Pelosi Inviting NATO Chief Stoltenberg to Address Congress

(Bloomberg) -- House Speaker Nancy Pelosi is extending an invitation to NATO’s secretary general to address a joint session of Congress in a reaffirmation of congressional support for the alliance even as President Donald Trump questions its usefulness and relevance.

Senate Majority Leader Mitch McConnell and House Republican leader Kevin McCarthy are supporting the invitation for Secretary General Jens Stoltenberg to speak amid events in Washington to commemorate the 70th anniversary of the pact, according to a person familiar with the plans who asked not to be named because they are not yet public.

Pelosi Inviting NATO Chief Stoltenberg to Address Congress

Foreign policy is one area where Republicans have been willing to challenge Trump, particularly in support of the North Atlantic Treaty Organization, which was established at the beginning of the Cold War. While the alliance has traditionally enjoyed strong GOP support, Trump has criticized NATO nations for not spending more on defense and he’s raised questions about whether the U.S. should automatically come to the defense of every member nation.

In an interview with Breitbart News on Monday, Trump reiterated his complaints.

“We shouldn’t be paying for this,” Trump told Breitbart, referring to NATO. “We pay for their military defense and then they take advantage of us on trade in addition. It used to be in order to have the trade we take care of them -- but they get us both ways.”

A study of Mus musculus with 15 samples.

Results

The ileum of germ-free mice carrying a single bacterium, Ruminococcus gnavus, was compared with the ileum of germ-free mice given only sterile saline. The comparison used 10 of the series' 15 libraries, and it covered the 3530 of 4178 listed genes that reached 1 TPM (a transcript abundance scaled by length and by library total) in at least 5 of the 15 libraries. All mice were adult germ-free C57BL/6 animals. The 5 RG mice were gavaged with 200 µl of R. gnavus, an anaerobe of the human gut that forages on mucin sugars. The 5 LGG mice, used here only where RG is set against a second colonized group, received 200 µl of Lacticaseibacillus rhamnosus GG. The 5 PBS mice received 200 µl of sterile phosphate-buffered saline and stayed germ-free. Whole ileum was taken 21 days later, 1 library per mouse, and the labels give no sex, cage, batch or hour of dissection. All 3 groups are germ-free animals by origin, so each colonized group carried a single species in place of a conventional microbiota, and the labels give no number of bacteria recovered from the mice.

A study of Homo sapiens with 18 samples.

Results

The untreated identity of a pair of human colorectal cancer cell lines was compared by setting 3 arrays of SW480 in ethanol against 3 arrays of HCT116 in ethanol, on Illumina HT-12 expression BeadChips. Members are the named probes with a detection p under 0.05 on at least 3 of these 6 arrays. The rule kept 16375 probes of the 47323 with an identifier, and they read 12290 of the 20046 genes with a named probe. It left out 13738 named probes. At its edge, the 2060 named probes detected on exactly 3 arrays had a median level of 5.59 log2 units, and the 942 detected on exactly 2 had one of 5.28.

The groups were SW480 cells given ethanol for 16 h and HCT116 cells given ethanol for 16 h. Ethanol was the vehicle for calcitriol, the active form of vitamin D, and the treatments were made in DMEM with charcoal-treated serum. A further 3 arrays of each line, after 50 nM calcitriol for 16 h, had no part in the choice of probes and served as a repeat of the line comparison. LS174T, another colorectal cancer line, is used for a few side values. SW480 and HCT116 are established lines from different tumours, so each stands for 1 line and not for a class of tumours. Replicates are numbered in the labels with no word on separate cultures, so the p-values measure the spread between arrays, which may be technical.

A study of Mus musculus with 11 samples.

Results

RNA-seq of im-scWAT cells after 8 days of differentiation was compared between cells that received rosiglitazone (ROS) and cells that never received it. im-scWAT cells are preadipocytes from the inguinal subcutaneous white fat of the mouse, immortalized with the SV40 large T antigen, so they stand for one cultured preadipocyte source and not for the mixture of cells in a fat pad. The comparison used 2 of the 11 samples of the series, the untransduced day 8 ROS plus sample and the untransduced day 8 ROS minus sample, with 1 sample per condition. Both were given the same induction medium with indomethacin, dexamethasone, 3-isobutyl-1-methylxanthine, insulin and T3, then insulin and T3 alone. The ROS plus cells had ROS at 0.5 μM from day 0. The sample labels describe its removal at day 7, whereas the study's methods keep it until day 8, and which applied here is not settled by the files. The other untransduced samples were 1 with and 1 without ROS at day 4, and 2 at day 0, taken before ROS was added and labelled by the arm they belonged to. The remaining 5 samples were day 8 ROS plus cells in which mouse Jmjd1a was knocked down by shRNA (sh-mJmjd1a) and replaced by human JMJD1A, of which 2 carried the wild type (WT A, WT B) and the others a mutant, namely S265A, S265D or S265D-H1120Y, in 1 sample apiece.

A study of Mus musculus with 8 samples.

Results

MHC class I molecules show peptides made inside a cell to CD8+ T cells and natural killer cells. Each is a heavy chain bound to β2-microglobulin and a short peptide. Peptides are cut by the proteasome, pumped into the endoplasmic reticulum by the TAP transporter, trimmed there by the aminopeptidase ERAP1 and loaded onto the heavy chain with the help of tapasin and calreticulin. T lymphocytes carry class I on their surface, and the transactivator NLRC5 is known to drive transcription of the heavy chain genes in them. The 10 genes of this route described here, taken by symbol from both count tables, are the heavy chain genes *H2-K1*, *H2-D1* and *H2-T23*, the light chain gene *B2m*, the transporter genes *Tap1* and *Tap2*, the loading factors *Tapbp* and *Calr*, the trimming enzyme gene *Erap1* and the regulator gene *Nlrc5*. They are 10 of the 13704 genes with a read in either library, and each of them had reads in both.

Recently the administration has been drawing up demands that allies such as Germany, Japan and eventually any other country hosting U.S. troops pay the full price of American soldiers deployed on their soil -- plus 50 percent or more for the privilege of hosting them, according to a dozen administration officials and people briefed on the matter.

Joint sessions of Congress to receive foreign leaders are sometimes used to send a political message. French President Emmanuel Macron’s address to Congress last year included a last-ditch -- but ultimately doomed -- plea for Trump to keep the U.S. in the Paris climate change accord. Former Republican House Speaker John Boehner was widely criticized for inviting Israeli Prime Minister Benjamin Netanyahu to address Congress without coordinating with then-President Barack Obama.

Stoltenberg, who was previously Norway’s prime minister, brings a mix of perspectives to current U.S. foreign policy debate. Norway increased defense spending under his tenure, which Trump has repeatedly sought from other NATO countries. Trump recently quoted Stoltenberg in a tweet demanding that transatlantic allies contribute more to defense.

Yet Stoltenberg is also a vocal advocate for multilateral cooperation to tackle global challenges like climate change, trade and Russian aggression, even as the Trump administration has diverged from traditional allies on these issues.